Since 2005, I have been working with CFO’s in a staffing capacity or as an Account Manager in CPM. And from the very beginning of this stage of my career I noticed two very important things. Today, both of these lessons are just as valuable to my career, and to business leaders, as they were when I first learned them over a decade ago.
1. In asking for a meeting, either to discuss recruiting or a CPM application, the objections are strikingly similar:
- “We hire and budget with no help from a recruiter or CPM application, even though it’s not ideal.”
2. CFO’s that were willing to pay a placement fee were also more likely to invest in a CPM application like Adaptive Planning.
Recently I was tasked with hiring new sales reps. When my boss offered the use of contingency recruiters, I politely declined. Why would I pay someone to do something that I can do perfectly well myself, vis-a-vis Dwight K. Schrute?
Within 2 weeks I had an offer out to someone I had worked with previously. I was sure I could find Sales Rep #2 just as fast as I had found the first one.
After weeks of tapping my network, I threw in the towel. I engaged three recruiters and bought a LinkedIn job posting. Two months later, I’m still searching.
It shouldn’t have surprised me that I was overconfident in my DIY, as I have a track record of undertaking home improvement projects that end up with a panicked call to a professional.
So the question is: When should you do it yourself?
Answer: Only when you are 100% sure that you can do it as well as a professional.
In November 2012, Deloitte released its Fast 500 — a list of the fastest growing technology companies. Adaptive Planning was #104, and 48 of the 500 companies on the list were Adaptive Planning clients. I recognized at least another 100 companies that were using competitive mid-market CPM solutions. Add in the enterprise companies like Facebook and Salesforce that are using Tier 1 tools, and I estimate that over 75% of the list is not budgeting with a spreadsheet. Also, most of the New England companies that I recognized on the list are using recruiting firms for hiring.
How did these companies make this list? Did they become best in class because they sell a hot product? Did the leaders of these companies identify their strengths, and are then willing to pay for a service outside of their expertise? Do successful companies have extra money to spend on top-tier talent and automated budgeting systems?
On the contrary, why would anyone incur additional, seemingly unnecessary operating expenses? What should the approach be if your company is not growing as planned?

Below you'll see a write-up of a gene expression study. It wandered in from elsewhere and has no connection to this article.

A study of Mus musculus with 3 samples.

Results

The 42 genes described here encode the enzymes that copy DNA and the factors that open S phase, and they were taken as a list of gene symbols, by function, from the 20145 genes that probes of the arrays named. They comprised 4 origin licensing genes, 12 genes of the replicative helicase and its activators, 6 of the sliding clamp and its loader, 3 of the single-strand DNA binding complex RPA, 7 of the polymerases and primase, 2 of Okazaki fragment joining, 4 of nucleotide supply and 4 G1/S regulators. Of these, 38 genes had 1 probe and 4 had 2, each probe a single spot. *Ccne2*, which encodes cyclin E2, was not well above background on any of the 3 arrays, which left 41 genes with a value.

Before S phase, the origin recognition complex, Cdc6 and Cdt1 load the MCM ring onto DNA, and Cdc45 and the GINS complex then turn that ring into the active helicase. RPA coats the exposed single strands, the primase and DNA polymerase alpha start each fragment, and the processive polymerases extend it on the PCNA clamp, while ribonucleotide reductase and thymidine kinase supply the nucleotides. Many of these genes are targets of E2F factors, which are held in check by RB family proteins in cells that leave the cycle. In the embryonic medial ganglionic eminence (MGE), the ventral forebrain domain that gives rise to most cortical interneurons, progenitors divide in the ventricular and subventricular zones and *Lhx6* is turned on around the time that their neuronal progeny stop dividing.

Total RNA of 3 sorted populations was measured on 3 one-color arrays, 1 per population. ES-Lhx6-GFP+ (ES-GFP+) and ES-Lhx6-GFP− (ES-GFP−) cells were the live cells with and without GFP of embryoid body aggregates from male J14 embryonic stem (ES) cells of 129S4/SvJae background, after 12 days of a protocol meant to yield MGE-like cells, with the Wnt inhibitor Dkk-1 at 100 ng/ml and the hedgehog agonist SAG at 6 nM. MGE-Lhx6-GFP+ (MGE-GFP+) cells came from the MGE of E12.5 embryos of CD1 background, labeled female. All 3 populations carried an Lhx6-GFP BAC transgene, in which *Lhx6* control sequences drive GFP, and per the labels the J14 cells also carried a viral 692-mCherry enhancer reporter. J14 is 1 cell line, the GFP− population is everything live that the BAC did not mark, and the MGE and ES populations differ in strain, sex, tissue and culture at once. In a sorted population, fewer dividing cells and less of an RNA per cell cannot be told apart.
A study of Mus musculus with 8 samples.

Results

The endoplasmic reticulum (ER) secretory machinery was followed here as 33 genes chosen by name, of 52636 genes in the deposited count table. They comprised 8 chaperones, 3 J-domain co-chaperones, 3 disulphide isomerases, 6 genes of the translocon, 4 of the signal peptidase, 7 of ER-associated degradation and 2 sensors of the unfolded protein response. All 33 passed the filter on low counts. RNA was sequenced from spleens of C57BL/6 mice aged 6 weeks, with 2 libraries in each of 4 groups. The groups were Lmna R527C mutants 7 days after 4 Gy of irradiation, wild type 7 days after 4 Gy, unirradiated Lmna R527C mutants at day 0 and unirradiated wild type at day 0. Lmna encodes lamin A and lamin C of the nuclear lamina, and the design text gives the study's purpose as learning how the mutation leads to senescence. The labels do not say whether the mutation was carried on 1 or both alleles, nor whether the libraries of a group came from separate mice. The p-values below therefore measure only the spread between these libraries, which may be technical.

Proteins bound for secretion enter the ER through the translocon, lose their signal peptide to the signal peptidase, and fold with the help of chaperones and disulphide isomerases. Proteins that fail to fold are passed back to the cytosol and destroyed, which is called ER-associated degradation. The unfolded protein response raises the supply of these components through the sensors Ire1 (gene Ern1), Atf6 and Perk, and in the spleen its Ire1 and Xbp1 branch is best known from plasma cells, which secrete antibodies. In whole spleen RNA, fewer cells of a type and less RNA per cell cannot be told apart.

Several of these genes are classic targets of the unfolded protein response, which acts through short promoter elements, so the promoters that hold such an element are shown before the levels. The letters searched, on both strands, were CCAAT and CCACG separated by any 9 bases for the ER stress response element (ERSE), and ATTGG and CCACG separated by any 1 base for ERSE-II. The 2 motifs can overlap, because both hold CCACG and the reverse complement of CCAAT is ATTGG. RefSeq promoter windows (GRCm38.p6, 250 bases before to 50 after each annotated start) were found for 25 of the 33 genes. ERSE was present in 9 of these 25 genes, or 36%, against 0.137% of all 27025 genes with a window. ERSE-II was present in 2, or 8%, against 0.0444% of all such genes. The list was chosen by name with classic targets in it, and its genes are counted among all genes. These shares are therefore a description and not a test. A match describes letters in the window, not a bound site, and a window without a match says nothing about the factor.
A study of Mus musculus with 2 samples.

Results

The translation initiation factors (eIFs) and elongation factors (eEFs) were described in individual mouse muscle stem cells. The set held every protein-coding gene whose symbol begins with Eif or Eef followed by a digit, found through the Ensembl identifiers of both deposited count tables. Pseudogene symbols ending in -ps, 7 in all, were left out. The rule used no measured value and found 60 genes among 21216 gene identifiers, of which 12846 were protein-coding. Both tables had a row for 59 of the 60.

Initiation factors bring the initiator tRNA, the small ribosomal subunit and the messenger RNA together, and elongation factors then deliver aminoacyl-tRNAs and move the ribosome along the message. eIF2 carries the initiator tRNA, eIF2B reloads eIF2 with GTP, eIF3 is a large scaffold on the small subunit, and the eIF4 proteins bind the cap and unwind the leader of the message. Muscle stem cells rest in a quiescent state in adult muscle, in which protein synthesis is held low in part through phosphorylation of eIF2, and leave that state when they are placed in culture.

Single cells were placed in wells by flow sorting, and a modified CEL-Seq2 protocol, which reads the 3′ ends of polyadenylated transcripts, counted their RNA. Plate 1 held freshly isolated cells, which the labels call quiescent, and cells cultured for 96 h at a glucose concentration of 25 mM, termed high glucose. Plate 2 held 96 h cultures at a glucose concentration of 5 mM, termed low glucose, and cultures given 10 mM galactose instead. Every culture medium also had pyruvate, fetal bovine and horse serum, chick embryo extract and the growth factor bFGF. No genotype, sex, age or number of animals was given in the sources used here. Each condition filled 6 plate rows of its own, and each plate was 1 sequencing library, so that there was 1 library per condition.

When it comes to recruiting, the answer can vary. If you have a good relationship with a contingency fee recruiter, you can set mutually beneficial ground rules. Don’t rely solely on the recruiter or the internal job postings. Your own networking efforts are critical here. The best candidate is one who doesn’t need to find a new job, and maybe doesn’t know they are looking until you tap them on the shoulder. Keep in touch with your former staff, alumni, and co-workers. If you find someone on your own, you’re a hero. If you don’t and the recruiter delivers a candidate worth the 25% premium, hire through the recruiter and push for a good guarantee.
When it comes to planning, the answer is clear. Even if you think your model is error free, how fast is it? When your CEO asks if the company can afford to give 90-day payment terms to a top customer in exchange for a huge order, how quickly can you give an accurate answer? check out the graphic, courtesy of Armanino, Adaptive Planning premier partner and a Gold Certified Microsoft Dynamics ERP provider, that illustrates the desired time allocation model for today’s CFOs.
Wouldn’t it be nice to be able to deliver a confident, empirical answer, in minutes? Is a 25% placement fee a good investment if it gets you an auditor who implements stronger controls or a billing professional who reduces A/R? These value-adds make the difference between good and great, and can also influence how you are perceived within your organization. It’s no accident that great companies can attract great people, because they don’t always to try to DIY.